This isn't just about The Murderers led by Dupnik, though. This post is about being armed. Police organizations nationwide take stances against open and concealed carry. They claim that they do this because they believe in safety. This is a stupid argument.
Police treat everyone they meet as though they are armed--it's why they stand just behind you when they pull you over, and why they will often have 1 or 2 backup cars show up for a highway traffic stop. Thy treat everyone as though they are armed for the officer's safety. This makes sense. Police can't tell by looking at you if you are a law-abiding citizen or a criminally insane psychopath. It's why they carry guns--so that if they need one, they have one.
However, police organizations don't want you, the law abiding citizen to have that same protection--to be able to defend yourself, and others, if that psychopath goes on a murdering rampage. It wasn't a cop who stopped Jared Lee Loughner's murderous rampage, it was a citizen. It wasn't a cop who stopped terrorists on flight 93 from flying their airplane into the Capitol, it was a group of citizens.
Even if every state passed laws forbidding gun ownership, let alone the carrying of guns, every time you ran into a cop, they would still treat you as a potential threat. Do you know why? Because they know that criminals, being criminals, are pretty unlikely to obey gun laws; and they are unable to tell just by looking at you if you are a criminal or not.
So why shouldn't you have the same protection that police have? As an unarmed citizen, do you have some magical power that allows you to tell who the criminals are and avoid them? Are you able to raise a magical force-field when you get attacked by a criminal? Or are you supposed to call a cop, who has a gun, while the criminal waits around to not attack you?
You have a right to defend yourself, and you have a right to have the means with which to defend yourself. Carrying a concealed weapon doesn't make you more- or less-likely to commit a crime. Carrying a weapon openly doesn't make you more likely to be targeted by a criminal--a predator looks for the weakest member of the herd, not the ones with the means to kill him. Carrying concealed, on the other hand, relieves the section of the population that pees their pants and screams for the police at the mere sight of a holstered weapon. This alleviates the police having to respond to 911 calls from them. Of course, a 911 dispatcher who answers the phone could alleviate it by asking some simple questions. Here's an example of how that call should go:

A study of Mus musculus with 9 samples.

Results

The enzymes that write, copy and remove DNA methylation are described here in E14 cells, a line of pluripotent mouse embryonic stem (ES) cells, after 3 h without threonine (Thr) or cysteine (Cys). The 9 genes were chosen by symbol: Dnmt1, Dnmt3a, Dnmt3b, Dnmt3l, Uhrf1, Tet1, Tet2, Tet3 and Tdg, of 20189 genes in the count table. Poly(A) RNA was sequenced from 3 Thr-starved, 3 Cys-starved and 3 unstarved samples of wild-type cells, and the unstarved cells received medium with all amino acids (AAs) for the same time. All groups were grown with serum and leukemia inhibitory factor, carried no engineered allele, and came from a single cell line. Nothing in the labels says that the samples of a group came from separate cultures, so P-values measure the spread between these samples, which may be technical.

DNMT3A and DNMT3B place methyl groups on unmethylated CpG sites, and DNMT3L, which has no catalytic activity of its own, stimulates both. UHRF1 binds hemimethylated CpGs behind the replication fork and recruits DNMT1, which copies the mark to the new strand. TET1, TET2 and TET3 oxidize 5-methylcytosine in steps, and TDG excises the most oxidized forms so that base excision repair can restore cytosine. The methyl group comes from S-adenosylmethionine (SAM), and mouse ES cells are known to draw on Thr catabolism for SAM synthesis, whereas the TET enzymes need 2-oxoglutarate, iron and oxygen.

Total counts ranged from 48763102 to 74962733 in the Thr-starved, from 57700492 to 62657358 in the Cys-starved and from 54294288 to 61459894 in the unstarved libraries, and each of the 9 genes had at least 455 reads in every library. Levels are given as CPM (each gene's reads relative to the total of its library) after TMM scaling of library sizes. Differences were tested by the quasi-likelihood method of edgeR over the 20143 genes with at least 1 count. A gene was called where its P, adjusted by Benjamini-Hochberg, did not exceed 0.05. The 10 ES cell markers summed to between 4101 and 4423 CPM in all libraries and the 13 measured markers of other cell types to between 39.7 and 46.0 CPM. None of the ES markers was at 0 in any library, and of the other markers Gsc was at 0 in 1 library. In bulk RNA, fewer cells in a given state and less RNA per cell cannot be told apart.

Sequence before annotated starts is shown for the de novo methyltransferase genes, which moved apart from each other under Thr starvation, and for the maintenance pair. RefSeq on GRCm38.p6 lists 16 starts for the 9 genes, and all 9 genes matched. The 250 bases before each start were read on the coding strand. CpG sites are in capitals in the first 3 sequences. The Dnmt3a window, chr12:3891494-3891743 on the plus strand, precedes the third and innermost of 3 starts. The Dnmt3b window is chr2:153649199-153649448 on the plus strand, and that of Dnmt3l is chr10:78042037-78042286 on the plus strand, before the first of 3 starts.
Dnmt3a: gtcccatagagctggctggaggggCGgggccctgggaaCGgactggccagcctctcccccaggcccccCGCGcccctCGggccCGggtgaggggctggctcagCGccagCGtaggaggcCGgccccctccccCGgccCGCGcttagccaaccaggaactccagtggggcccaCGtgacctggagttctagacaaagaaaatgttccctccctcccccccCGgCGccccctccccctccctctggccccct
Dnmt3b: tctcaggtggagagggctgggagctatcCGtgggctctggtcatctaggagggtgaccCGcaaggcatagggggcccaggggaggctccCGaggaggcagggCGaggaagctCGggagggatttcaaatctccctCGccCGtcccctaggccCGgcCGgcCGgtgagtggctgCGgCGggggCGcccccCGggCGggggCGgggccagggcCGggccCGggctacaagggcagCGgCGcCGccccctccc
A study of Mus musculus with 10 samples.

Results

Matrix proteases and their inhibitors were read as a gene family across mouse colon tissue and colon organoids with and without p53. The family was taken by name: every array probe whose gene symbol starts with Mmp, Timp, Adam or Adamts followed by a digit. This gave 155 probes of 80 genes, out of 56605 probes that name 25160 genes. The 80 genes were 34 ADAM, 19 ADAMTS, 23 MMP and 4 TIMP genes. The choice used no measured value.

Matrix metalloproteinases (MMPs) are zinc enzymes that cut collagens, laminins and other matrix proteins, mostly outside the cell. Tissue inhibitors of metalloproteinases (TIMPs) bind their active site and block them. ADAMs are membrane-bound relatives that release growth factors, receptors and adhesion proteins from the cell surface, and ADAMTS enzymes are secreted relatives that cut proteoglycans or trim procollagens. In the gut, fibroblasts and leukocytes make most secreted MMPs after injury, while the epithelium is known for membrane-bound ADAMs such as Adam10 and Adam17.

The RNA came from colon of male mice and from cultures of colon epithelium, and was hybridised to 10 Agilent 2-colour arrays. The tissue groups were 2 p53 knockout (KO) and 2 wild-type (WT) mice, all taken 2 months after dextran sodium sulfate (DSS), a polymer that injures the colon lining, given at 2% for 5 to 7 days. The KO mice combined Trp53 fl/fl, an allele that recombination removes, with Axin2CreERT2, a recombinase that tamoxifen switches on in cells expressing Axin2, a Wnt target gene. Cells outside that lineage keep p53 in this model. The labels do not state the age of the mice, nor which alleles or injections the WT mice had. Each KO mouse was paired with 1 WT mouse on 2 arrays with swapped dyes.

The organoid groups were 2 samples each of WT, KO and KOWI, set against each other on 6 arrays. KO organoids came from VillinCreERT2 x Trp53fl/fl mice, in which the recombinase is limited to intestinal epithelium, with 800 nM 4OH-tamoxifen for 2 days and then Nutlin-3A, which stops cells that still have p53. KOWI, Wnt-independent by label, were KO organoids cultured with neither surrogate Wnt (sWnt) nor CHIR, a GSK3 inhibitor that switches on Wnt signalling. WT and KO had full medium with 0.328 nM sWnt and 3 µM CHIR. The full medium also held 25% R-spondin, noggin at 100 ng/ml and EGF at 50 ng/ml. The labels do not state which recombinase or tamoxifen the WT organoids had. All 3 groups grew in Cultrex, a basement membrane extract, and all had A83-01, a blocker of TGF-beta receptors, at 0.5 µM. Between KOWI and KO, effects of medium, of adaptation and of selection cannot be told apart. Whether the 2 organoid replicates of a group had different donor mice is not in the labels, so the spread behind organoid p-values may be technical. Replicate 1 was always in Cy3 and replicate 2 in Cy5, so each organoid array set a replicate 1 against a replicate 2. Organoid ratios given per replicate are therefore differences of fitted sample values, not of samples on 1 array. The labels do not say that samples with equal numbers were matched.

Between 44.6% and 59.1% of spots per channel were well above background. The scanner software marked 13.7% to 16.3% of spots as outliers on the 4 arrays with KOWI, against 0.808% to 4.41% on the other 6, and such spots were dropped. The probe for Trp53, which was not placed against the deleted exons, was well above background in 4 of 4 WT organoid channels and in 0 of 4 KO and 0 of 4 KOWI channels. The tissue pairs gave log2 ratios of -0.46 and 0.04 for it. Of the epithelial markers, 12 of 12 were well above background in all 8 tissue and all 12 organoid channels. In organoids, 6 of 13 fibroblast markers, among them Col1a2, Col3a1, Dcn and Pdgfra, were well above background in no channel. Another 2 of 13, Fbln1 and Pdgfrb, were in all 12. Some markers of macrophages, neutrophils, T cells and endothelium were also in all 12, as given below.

911 Dispatcher: "911, what's your emergency?"
Caller: "OMG, there's a person here with a gun! Help!"
911 Dispatcher: "Is this person doing anything with their gun? Is he acting violent?"
Caller: "Um, no... not yet. But he could. He's wearing it right on his hip, and he doesn't have a badge!"
911 Dispatcher: "So this person is simply carrying a gun?"
Caller: "Yes! And it scares me!"
911 Dispatcher: "Would you feel safer if this person put the gun underneath their shirt, so you couldn't see it right away?"
Caller: "Certainly I would. I don't want to see those evil murderous things."
911 Dispatcher: "Okay--here's what you need to do: Close your eyes and turn around. Then open your eyes. You now are unable to see the person with the gun. Do you feel safer?"
Caller: "Are you crazy? He's STILL THERE!"
911 Dispatcher: "Of course he is. If you left, would you feel safer?"
Caller: "What? I have a right to be here!"
911 Dispatcher: "So does he. He still isn't doing anything dangerous, is he?"
Caller: "Um, no. Not YET."
911 Dispatcher: "Okay. we'll send a car over as soon as we're done dealing with the people who are actively trying to hurt someone. Until then, I would like you to hide under a nearby desk, or in a closet. If you can, leave the area and get to your local gun shop, where you can purchase your own gun. That way, if you feel threatened, you have the means to defend yourself.
Caller: "Okay. Wait. What?"
911 Dispatcher: *Click*
Police should be wary every time they pull over a car... and they should be wary every time they raid a house. They should worry that the person on the other side of that door has the means to defend themselves, and they should worry that if they are at the wrong house, (it has happened more that you'd care to believe) that the person on the other side of the door has the means to kill them like they would any other intruder.
And in the instance of a raid at a mistaken address, where a police officer is killed by an armed citizen, then a parade should be held for that citizen. If a police officer kills a citizen at a mistaken address raid, or while executing a warrant-less search, or a search like the one in Arizona that cost a young Marine combat veteran who had committed no crime, had no criminal history, was a decorated veteran, family man and hard-working employee his life--because the police lacked the most basic firearms discipline, had a negligent discharge, and responded to their own weapon going off by firing 70 rounds--and killing a Marine who had committed no crime.
That's a really long run-on sentence to say this: Every cop who raided that house should be put on trial for murder. Plain and simple. They violated his rights, they raided his home, and their own ineptitude caused his death--all by actions which they initiated.
Armed societies are polite societies. If you treat everyone you meet as though they have the means to kill you, and they do likewise, it's amazing how fast petty crimes cease. It's even more amazing how fast violent crimes drop. And police, believing that every citizen really does have the means to defend themselves, will be far more likely to consider whether they want to diffuse a potentially dangerous situation.